I have no regrets and the world has no regrets.
This is the second in a series on living without regret
The way the mind processes and allots information to us leaves us, and the world as we see it, filled with regrets–the “I should have done thats” “It would have been better ifs,” etc. The goal of our spiritual path is for us to have no regrets and for the world to have no regrets, not blindly surrender to the directions of the amygdala, that almond shaped mass in the center of our brain which makes us stressed and full of regrets.
Our goal is to learn how not to be forced to surrender to the neuropeptides that the amygdala releases into our mind and body ramping up our stress and anxiety in a variety of physical responses and psychological responses and reflexes, all of which leave us with regrets. Our goal is to train our mind to process and allot information to us in ways that leave us settled and peaceful, with no regrets.
Understanding that this is what happens, and then learning how to stop it has been the work of Buddhist monks almost 3000 years. The most prominent monks who wrote and codified the workings of the mind so that we could understand it and retrain it for the benefit of all beings were Asanga and Vasubandhu, brothers in the fourth century.
Today neuroscientists are starting to unpack how all this happens, “empirically” to use their word, to test what Asanga and his brother observed “subjectively” It is abundantly clear from both the “empirical” and the “subjective” sides here that our mind doesn’t function to make us happier and healthier, which is the way it presents itself to us, but rather to leave us regretting either not having enough of some things (the ones the amygdala attached an affinity to) or regretting getting too much of others (the ones to which an aversion was assigned). The question is no longer about the validity of the teachings; the questions is simply one of experiencing them in a way that allows acceptance: acceptance of the Two Truths, acceptance of the Five Aggregates, acceptance of the Four Dharma Seals, acceptance of Dependent Arising.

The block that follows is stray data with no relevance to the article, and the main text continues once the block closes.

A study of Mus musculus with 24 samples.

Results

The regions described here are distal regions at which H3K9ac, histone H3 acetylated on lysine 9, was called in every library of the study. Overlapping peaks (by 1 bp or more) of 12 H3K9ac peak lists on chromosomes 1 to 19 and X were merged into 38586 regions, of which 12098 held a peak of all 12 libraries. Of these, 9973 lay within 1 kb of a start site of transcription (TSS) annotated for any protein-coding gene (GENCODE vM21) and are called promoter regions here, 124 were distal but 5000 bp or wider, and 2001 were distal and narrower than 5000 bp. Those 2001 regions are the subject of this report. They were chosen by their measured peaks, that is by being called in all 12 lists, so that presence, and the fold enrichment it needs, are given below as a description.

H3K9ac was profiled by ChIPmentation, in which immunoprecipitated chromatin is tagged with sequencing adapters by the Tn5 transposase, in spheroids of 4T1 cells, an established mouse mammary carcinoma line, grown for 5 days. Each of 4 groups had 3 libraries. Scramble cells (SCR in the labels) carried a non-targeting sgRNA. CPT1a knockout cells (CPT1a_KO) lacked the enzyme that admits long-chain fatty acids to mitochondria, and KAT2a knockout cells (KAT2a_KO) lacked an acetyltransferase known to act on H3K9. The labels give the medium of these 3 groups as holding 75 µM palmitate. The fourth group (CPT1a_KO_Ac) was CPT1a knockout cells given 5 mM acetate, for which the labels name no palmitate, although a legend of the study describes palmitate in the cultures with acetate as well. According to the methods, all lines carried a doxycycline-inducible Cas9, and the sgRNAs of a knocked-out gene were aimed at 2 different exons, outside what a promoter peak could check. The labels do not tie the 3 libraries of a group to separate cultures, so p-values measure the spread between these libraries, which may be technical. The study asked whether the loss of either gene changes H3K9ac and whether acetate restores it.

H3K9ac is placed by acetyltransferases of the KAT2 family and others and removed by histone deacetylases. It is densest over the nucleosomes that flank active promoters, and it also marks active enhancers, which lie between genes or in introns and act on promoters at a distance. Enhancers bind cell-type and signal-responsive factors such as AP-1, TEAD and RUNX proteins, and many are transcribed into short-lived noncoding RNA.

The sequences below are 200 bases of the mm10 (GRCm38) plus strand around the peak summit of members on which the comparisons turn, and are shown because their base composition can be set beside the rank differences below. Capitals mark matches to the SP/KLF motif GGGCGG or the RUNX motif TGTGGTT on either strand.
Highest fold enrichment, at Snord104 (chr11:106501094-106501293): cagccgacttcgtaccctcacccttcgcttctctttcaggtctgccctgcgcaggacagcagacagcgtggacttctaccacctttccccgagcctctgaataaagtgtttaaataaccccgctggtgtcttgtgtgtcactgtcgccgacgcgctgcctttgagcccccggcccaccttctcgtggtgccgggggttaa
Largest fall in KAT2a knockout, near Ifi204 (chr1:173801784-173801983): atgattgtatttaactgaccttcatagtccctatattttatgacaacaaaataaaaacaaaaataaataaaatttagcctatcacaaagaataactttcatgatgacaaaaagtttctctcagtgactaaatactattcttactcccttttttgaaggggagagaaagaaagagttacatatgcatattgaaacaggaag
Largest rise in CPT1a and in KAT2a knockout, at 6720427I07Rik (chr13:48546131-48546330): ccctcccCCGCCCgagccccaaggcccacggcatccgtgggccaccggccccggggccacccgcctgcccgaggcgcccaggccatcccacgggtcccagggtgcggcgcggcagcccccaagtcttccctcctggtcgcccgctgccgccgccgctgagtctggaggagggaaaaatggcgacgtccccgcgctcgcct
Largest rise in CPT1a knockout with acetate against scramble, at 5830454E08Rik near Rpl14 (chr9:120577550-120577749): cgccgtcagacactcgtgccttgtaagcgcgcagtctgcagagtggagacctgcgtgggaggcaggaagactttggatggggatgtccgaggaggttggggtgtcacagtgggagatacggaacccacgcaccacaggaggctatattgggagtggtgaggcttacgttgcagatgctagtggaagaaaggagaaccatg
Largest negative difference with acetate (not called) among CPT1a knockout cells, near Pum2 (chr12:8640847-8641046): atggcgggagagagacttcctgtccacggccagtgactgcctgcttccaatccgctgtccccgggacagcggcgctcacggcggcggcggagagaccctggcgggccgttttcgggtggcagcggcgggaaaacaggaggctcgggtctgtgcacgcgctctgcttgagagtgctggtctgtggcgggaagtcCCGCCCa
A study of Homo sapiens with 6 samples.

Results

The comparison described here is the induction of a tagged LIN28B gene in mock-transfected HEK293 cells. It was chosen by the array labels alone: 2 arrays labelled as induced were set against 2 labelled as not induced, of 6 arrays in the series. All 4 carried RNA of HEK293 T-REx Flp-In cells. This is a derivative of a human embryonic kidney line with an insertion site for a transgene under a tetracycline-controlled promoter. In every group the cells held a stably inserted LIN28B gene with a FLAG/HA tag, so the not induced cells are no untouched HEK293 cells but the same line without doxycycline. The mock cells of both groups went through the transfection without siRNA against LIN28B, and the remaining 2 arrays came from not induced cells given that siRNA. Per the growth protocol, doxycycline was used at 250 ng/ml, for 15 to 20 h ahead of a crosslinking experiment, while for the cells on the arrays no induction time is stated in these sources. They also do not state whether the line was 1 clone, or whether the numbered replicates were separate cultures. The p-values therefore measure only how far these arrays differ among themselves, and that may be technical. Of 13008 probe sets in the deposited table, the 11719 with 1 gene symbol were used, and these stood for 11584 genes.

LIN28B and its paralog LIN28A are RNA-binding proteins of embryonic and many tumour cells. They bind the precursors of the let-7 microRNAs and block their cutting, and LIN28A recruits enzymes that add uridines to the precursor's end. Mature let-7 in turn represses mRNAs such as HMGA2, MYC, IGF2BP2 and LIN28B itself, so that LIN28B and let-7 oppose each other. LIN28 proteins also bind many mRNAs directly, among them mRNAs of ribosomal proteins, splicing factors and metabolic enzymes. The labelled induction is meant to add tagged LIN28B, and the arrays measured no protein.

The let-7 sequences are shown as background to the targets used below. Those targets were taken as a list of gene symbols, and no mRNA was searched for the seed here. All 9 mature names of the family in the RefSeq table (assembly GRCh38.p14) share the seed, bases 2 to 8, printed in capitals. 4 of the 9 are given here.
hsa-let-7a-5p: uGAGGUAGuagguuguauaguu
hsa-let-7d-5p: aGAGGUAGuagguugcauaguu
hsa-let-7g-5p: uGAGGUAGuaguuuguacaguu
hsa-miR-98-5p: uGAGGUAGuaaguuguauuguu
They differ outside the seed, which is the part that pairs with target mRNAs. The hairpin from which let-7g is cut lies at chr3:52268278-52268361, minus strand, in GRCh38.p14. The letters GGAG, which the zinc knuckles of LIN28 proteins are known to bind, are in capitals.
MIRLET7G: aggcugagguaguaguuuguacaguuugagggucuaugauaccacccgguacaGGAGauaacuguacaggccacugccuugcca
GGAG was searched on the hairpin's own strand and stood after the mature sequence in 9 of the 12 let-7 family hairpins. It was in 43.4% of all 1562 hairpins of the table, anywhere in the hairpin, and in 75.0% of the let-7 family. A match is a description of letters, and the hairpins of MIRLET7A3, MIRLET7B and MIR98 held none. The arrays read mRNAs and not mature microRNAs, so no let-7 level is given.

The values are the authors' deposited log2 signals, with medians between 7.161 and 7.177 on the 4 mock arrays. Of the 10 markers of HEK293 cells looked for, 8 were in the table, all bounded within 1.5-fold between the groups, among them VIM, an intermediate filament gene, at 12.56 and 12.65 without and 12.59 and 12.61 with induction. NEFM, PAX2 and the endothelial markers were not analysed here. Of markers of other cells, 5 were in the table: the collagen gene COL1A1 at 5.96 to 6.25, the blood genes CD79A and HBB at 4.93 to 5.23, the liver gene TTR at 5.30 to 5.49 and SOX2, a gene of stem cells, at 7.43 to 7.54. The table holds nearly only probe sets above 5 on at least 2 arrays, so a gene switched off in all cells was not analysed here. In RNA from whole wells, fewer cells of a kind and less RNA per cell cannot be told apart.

The goal of our path and our practice, which comes from this acceptance, is to live a life without regrets, to live a life in which the world too has no regrets. We do this in three ways. First, we learn to understand that the information our mind is sending us is false and foolish, mostly pre-cognitive nonsense. Second, we learn to act in ways that make us mindful and aware instead of reflexive and reactive. And third, we commit ourselves to a regular meditation practice so that we can off-load four millions years of fictional beliefs and stories (sankharas) that are driving us and the world to regret.
In a phrase, this is “changing our karma.” As we become practiced and successful at this in the short term, we gradually become more and more peaceful and less and less regretful. As we succeed in the long term, we end our karma, the negative and nonsensical thrust that pushes us forward. Although we don’t usually write in such traditional and blunt phrasing, the goal of our practice is to end regrets by ending our karma. Ending our karma simply means ending the ability of our sankharas to drive our behavior. Without the amygdala in charge we become present to what is really happening, fully engaged with the world as it is. We become open to whatever arises, with a warm and respectful heart. We are awake, mindful and aware, which is our true nature, and then it’s over.